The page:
KUALA LUMPUR: Fraser & Neave Holdings Bhd (F&N), which faces pressure on margins due to escalating raw material costs, will only increase product prices as a last resort.

Managing director Lim Yew Hoe said the group would absorb the rising costs for as long as it could afford it.

“For our fiscal year ended September 2021, the impact of raw material costs on us was over RM 150 million. Rising prices will be a last resort, as we know that consumers’ pockets are not really full today.

“So it will be on a deferred basis. Which means we’re going to be hit first and then see if we can absorb it. Otherwise, only then will we increase it and even if we do, it will be in a progressive format, ”he said in a virtual briefing yesterday.

Lim noted that palm oil prices rose 100% in just one year.

“Of course, we cannot increase our prices by 100%,” he said, adding that any price increase (if any) would be phased in.

Meanwhile, F&N chief financial officer Lai Kah Shen said the group has taken several cost-cutting measures to deal with rising commodity prices.

“The commodity costs were over RM150 million, but our profit in 2021 only declined by RM40 million.

“If we exclude the restructuring cost, which was RM21 million in the past fiscal year, we actually absorbed most of the increased raw material costs.

“So that shows the effectiveness of the measures we have taken. “

Additionally, Lim said the government’s sugar tax hike announced in Budget 2022 last month would have little impact on the group.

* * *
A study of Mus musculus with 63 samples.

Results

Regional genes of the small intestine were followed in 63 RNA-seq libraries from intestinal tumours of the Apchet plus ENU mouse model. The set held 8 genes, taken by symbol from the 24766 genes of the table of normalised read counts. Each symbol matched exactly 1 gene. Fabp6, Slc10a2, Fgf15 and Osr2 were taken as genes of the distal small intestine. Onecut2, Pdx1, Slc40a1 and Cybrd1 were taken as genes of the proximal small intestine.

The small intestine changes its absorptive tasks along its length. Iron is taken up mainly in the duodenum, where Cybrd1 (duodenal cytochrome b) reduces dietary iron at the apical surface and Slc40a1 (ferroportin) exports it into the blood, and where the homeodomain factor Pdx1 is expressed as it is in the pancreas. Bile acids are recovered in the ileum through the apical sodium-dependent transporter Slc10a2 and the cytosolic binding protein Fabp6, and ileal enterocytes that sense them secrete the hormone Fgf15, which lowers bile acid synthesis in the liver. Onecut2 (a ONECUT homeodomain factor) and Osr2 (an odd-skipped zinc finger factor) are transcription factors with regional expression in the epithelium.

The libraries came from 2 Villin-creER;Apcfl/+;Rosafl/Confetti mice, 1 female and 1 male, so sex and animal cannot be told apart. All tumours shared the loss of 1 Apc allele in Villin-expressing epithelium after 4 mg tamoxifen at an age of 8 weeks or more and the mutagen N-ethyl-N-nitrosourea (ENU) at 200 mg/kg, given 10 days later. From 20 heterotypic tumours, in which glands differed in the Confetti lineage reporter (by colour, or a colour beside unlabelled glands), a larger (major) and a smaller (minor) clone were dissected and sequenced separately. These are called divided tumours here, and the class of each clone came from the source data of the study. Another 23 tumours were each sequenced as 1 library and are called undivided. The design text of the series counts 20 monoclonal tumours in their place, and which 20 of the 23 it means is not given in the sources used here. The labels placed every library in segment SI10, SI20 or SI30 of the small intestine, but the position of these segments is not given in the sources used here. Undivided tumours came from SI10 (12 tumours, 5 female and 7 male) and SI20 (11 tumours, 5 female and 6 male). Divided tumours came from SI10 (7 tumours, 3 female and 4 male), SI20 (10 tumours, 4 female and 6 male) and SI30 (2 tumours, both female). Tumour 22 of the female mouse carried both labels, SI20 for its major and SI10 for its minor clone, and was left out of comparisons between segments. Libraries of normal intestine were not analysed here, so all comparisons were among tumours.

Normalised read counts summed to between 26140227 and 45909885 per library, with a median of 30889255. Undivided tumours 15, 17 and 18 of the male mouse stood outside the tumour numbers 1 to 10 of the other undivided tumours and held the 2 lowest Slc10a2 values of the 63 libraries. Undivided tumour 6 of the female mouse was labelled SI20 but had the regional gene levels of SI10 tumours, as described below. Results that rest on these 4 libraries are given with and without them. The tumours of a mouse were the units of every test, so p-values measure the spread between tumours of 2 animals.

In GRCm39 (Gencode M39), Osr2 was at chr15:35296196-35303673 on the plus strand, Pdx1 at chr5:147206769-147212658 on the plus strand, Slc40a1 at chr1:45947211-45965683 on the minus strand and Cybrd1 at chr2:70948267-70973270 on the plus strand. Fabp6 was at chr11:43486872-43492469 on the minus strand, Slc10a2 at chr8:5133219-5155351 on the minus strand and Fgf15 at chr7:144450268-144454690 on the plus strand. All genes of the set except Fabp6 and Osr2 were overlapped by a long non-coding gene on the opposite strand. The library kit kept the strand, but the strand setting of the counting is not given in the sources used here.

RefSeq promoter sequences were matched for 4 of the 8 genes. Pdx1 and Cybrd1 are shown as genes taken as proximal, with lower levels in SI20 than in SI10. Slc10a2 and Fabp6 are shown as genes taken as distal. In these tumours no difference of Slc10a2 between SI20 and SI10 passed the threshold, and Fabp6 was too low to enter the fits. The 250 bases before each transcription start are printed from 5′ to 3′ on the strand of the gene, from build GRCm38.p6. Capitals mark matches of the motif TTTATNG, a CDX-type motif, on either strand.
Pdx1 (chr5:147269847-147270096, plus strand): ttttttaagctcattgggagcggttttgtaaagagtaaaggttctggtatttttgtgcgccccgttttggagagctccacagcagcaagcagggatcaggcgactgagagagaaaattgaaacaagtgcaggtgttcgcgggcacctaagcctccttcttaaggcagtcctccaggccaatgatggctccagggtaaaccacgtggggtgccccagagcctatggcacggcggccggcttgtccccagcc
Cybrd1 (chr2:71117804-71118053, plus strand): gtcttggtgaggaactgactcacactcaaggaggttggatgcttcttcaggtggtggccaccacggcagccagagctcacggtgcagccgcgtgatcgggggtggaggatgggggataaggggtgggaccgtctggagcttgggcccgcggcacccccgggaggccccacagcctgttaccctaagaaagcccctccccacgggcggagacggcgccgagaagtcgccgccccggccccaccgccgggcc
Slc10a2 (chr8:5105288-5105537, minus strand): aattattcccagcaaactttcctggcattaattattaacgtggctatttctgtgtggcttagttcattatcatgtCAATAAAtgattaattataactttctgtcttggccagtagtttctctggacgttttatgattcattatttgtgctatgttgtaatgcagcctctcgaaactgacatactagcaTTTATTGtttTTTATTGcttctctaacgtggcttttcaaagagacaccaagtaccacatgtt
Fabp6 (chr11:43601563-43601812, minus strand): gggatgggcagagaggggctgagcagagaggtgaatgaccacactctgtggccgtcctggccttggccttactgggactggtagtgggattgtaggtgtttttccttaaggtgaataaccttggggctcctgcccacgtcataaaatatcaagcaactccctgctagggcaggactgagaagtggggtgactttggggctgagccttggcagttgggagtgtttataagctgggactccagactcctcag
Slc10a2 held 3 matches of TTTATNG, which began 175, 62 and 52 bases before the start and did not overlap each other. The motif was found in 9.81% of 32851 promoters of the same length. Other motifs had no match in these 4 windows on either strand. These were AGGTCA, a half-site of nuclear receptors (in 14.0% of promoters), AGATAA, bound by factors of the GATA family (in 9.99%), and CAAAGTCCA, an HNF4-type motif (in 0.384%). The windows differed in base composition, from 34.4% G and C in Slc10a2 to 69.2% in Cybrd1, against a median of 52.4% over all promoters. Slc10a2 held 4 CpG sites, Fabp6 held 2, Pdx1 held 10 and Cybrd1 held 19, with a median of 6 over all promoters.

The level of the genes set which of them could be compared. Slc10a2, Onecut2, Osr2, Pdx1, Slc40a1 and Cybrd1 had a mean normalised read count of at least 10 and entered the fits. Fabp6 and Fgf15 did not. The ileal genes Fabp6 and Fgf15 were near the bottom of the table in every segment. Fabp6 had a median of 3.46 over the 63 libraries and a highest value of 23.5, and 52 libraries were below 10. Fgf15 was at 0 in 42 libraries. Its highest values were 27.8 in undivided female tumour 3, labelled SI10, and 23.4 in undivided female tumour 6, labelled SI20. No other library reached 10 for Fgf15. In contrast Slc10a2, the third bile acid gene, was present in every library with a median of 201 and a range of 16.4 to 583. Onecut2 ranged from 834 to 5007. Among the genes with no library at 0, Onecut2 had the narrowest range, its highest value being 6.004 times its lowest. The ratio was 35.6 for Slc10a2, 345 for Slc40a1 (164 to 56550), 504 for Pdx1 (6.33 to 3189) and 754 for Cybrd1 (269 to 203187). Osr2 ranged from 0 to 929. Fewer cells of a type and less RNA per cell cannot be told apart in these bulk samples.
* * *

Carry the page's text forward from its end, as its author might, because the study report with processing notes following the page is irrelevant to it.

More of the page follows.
“Most of our products do not fall into this category, so the impact will be quite small compared to other companies.”

He added that F&N is still studying whether the Cukai Makmur or prosperity tax announced in the 2022 budget will have an impact on the group.

“At the moment, we are still checking the details to see if it will have an impact, especially on overseas income. We always need to be clear whether the tax will affect the dividends we receive from our operations in Thailand. “

The proposed prosperity tax will be imposed on companies that have pre-tax profit above RM100 million, with profits above RM100 million being taxed at a rate of 33% instead of the general rate of 24% previously.

Lai said the tax is applicable to a particular legal entity, rather than a group.

“In Malaysia we have a few legal entities and I don’t think any have taxable income over RM100 million.

“Our concern will be more about the corporate tax exemption for foreign source income. Thailand accounts for a large part of the group’s profits and we transfer dividends to Malaysia.

“If this part is taxable, we will have some concerns, so we are waiting for more details. “

Regarding the outlook for 2022, Lai is optimistic that the global environment will improve as countries gradually open up business after an extended lockdown this year.

“As Malaysia and Thailand open up, we are confident that we can sell more, especially the categories most affected so far, such as beverages. “

From a profit perspective, Lai admitted that there will still be some pressure mainly due to rising commodity costs and currency (forex) changes.

“In terms of forex, we are not too concerned other than the conversion. As for the transactional impact, we can cover it and manage it well.

“But the conversion between the baht and the ringgit is something we have to watch out for.”

Separately, Lim said F&N aims to increase its export revenue to RM 1 billion in 2022, from nearly RM 900 million in 2021.

“We hope to sell more volume in 2022, not the same volume but at a higher price due to rising raw material costs,” he said.

F&N reported net profit of RM 395.16 million for the fiscal year ended September 30, 2021, compared to RM 410.38 million the previous year.